A nuclear stress test can take two to five hours. When you arrive, you'll be asked about your medical history and how often and strenuously you exercise.
During a nuclear stress test
Before you start the test, a technician inserts an intravenous line (IV) into your arm or hand and places sticky patches (electrodes) on your chest, legs and arms, which connect by wires to an electrocardiogram machine. The electrocardiogram records the electrical signals that trigger your heartbeats. A cuff on your arm checks your blood pressure during the test.
If you're unable to exercise adequately, you may be given a medication through your IV that increases blood flow to your heart muscle — simulating what exercise does — for the test. Depending on which medication is used, possible side effects may be similar to those caused by exercise, such as a flushing or shortness of breath.
If you're exercising, you'll likely begin walking on the treadmill slowly. As the test progresses, the speed and incline of the treadmill increases. You can use the railing on the treadmill for balance, but don't hang on tightly, as this may skew the results of the test. On a stationary bike, the resistance increases as the test progresses, making it harder to pedal.
You continue exercising until your heart rate has reached a set target, you develop symptoms that don't allow you to continue or you develop:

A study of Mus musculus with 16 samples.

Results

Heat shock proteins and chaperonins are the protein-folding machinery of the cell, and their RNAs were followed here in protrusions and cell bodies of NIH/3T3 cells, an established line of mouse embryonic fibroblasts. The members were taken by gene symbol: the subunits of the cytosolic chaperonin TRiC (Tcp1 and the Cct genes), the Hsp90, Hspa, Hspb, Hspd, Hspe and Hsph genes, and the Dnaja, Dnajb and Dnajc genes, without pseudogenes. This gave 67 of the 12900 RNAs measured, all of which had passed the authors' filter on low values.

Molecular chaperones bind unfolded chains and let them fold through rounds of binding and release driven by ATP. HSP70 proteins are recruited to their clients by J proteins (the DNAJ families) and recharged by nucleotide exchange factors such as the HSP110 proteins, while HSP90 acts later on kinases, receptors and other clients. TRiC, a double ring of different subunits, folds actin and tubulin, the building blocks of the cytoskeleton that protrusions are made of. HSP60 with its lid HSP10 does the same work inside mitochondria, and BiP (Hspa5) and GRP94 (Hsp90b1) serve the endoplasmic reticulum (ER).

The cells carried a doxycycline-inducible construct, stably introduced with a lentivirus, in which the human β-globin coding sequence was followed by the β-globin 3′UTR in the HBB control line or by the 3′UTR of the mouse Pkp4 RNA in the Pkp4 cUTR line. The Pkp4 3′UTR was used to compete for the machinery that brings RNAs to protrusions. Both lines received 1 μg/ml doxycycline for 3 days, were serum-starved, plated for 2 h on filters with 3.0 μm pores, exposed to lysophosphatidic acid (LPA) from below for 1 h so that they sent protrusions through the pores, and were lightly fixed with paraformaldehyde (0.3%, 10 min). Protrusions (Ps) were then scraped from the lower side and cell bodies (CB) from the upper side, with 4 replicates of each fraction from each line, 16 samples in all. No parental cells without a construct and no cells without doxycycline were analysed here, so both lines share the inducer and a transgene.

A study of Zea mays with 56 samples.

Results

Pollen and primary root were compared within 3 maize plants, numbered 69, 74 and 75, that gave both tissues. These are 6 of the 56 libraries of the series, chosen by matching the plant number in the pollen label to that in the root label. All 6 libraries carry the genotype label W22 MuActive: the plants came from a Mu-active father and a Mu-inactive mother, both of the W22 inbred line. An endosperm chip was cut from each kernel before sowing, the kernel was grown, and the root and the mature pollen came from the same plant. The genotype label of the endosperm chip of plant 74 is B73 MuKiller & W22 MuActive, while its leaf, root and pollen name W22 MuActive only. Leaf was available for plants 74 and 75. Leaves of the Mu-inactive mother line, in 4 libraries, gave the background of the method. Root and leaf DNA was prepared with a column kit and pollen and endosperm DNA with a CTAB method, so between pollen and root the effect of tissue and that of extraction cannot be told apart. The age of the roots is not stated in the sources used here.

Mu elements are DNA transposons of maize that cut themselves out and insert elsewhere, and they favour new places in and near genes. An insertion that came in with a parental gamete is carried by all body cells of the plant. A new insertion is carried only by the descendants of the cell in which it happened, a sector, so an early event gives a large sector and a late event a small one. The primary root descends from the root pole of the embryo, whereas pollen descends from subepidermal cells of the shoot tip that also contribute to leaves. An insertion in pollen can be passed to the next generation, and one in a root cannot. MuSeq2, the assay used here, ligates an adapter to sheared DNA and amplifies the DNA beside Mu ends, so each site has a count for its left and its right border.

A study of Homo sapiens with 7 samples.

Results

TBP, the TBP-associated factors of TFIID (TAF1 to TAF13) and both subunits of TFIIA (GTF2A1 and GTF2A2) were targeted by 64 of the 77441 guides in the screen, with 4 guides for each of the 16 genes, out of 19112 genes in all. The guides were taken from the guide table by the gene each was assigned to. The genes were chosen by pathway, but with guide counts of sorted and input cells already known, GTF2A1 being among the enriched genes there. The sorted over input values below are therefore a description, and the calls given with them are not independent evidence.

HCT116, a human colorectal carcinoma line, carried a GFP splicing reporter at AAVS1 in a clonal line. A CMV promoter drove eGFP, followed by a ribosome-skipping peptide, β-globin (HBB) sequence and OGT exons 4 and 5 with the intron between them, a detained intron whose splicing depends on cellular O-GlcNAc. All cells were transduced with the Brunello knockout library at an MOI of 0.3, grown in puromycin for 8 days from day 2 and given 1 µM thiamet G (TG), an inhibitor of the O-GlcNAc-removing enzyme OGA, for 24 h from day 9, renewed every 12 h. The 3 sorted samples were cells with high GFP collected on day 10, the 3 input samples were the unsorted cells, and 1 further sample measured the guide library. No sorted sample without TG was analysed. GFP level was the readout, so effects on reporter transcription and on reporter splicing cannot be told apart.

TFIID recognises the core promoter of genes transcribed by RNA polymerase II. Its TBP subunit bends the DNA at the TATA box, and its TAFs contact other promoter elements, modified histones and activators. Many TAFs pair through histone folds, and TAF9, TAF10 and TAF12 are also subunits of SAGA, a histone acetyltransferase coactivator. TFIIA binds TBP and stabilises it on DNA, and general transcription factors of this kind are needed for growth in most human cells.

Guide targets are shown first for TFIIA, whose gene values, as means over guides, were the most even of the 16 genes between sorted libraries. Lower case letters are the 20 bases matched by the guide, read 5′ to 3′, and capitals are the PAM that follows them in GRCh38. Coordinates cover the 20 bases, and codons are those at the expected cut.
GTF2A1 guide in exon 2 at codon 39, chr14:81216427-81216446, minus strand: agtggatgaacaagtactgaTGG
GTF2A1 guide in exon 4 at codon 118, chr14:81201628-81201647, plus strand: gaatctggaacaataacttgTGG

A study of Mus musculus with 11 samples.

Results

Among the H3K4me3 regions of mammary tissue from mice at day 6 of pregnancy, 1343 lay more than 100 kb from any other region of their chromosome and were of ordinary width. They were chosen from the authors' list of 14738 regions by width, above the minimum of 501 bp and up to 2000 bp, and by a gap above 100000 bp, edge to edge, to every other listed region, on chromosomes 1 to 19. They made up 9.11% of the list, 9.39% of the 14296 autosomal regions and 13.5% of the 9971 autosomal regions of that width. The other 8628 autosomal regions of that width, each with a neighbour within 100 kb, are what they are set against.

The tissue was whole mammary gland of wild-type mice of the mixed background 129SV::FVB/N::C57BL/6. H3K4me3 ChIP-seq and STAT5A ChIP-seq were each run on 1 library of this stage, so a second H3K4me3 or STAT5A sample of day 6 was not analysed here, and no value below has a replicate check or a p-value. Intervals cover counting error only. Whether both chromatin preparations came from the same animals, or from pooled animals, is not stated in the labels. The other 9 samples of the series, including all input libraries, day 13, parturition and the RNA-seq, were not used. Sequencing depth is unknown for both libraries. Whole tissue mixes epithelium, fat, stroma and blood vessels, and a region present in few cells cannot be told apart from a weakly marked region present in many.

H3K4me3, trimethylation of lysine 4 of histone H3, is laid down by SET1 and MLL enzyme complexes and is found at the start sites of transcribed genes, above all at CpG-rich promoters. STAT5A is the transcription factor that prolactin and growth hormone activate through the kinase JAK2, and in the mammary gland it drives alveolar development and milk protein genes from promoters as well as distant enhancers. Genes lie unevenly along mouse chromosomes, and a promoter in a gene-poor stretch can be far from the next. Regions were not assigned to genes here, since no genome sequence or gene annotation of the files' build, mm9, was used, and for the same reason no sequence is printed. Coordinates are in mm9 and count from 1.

- Moderate to severe chest pain
- Severe shortness of breath
- Abnormally high or low blood pressure
- An abnormal heart rhythm
You can stop the test any time you're too uncomfortable to continue.
Injection of dye
A radioactive dye is injected into your bloodstream through the IV. First, images will be taken of your heart at rest. Then, after you've exercised or been given medication to stimulate your heart, you'll receive more radioactive dye through the IV. You'll again lie on a table while a scanner similar to an X-ray machine creates images of your heart muscle. The dye shows inadequate blood flow to part of your heart as a light spot on the images.
The two sets of images allow your doctor to compare the blood flow through your heart while you're at rest and while your heart is pumping harder as a result of exercise or medication.
After a nuclear stress test
When the test is complete, you may return to normal activities unless your doctor tells you otherwise. The radioactive material will naturally leave your body in your urine or stool, but drinking plenty of water will help flush the dye out of your system.
Dec. 06, 2014
- Cardiac nuclear medicine. American College of Radiology. http://www.radiologyinfo.org/en/info.cfm?pg=cardinuclear. Accessed Oct. 14, 2014.
- What is a nuclear heart scan? National Heart, Lung, and Blood Institute. http://www.nhlbi.nih.gov/health/health-topics/topics/stress/. Accessed Oct. 14, 2014.
- Papaioannou GI, et al. Exercise radionuclide myocardial perfusion imaging in the diagnosis and prognosis of coronary heart disease. http://www.uptodate.com/home. Accessed Oct. 16, 2014.
- Yanowitz FG, et al. Exercise ECG testing: Performing the test and determining the ECG results. http://www.uptodate.com/home. Accessed Oct. 14, 2014.